After I wrote last week’s post, Lift Up the Downcast, I thought of a few more things that are important to consider when trying to overcome a difficult time in your life.
- Go see your doctor. Get a physical to check for any physical problems, and talk to him or her about how you are doing. It is very common for an illness or untreated condition to affect every part of you, including your energy level and outlook on life in general. They will collect some labs to look for things like low iron, an out-of-whack thyroid, or abnormally high white cell count (indicates that your body is fighting an infection somewhere). The doctor should be able to work with you to identify ways for you to improve your physical health. This in turn will improve your mental/emotional/spiritual health, or at least give you the energy to keep working.
- Get some exercise. I know, the dreaded E-word. But I’m living proof that being more active will truly help you feel better. Last summer, I went to yoga classes and started jogging with our new dog. She needed the exercise, so she was built-in accountability. I just couldn’t ignore her pathetic whines for a morning walk! All in all, I felt, physically, really good through the summer and into the fall. I was in the best shape of my married life and all the activity helped me sleep well. All of this made it much easier to grieve well.
Then, October. It was the first anniversary of Ellie’s death, and at the same time, both my youngest and I caught a vicious flu. That began a series of illnesses in our family that, combined with an unusually bad winter, kept me indoors and away from the gym for six months. I have been quite amazed at how bad I feel when I don’t exercise. My sleep is poor, my energy levels is the pits, my ability to focus is shot, and my spirits have been so very low.
Now that the sun is coming up earlier (at least, until March 14 *grrrrr* when, thanks to the genius who invented daylight savings time, we have to turn our clocks forward. But. I’m. Not. Bitter.), snow doesn’t cover my running path, and the air is warmer, I hope to get back out with our dog again.
Exercise can be very simple and low-tech. Turn on one of those free PBS workout shows in the morning and start moving in the privacy of your own home. Or get a treadmill or stationary bike off Craig’s List. Take a walk. Find someone to go with you for accountability and good conversation.
If you want to try jogging, sign up for a race. Many worthy causes have fund-raising races all over the country. My first race raised money for women’s health, and I walked about half of it…but I finished! It’s amazing how motivating it is to have a goal like that to work towards. My husband and I are excited to participate in a 5K fundraiser for a wheelchair-accessible playground in our city. My goal is to run the whole thing, even if my pace is terrible!
- Do some homework if you are considering trying supplements and/or prescription medications. If you’ve tried everything else and you just can’t get over the hump, it might be worth trying a medication. Again, talk with your doctor about this. They will help you select the best things to try and often have non-prescription options as well. Taking a pill, whether it is an antidepressant or an herbal remedy, is not going to make you happy. These treatments are designed to help you climb out of a pit just enough to try some of these other suggestions, which are much better long-term solutions.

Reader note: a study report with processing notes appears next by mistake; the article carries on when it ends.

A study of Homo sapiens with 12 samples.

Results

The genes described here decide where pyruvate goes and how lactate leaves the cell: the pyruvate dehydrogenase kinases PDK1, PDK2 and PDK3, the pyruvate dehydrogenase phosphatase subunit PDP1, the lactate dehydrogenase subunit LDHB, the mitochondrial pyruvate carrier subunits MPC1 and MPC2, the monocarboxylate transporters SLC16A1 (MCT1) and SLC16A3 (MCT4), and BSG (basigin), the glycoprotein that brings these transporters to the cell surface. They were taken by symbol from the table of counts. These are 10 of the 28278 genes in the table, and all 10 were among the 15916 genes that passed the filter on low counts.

Be sure to ask your doctor and pharmacy about how various things interact. Tell them everything you are taking, including herbals and home remedies, because some things are very dangerous to combine. And if you think you need to change something because it isn’t working, don’t just stop cold-turkey! Call your doctor or pharmacist to see if you need to wean yourself off or if it is safe to just stop.
The best advice I was given about trying meds? Do only one thing at a time, and give it at least a month before changing anything. Otherwise you won’t know what helped and what didn’t.
- Find out what things push you over the edge and avoid them until you are stronger. I work part-time at the hospital where Ellie received treatment from 3 days old until her death. Going to work triggers memories. Many of those memories are good — we met some incredible people at the hospital. But it is exhausting, and often I’m blindsided by a memory or a flood of emotions at the most inopportune time. And there are certain aspects of my job that I simply cannot do right now. They are too painful and too emotionally-charged for me to handle professionally. I am so thankful for understanding coworkers and boss who are more than willing to adjust responsibilities so that I can avoid those things for now.
- Give yourself some cushion. As I’ve wrestled through this difficult winter, I realized that my weeks are so tightly-scheduled that I have no slack at all for bad days. But I’ve realized that bad days will come. You know the kind: it’s all you can do to get the kids fed, dressed, and to school, and when you finish that, you collapse on the couch for hours. Forget laundry, paying bills, washing dishes, cleaning house, grocery shopping. When that happens, I’ve realized that it’s time to remove some things and/or ask for help. In my case, we’ve decided to cut back my work schedule from two days per week to one day per week. If that doesn’t give me enough, we’ll consider something else.
I am no professional, so please don’t take these as the definitive truth on depression. I offer them up as ideas picked up along my own struggle in hopes that they encourage you to keep going, keep trying, and most importantly, get help.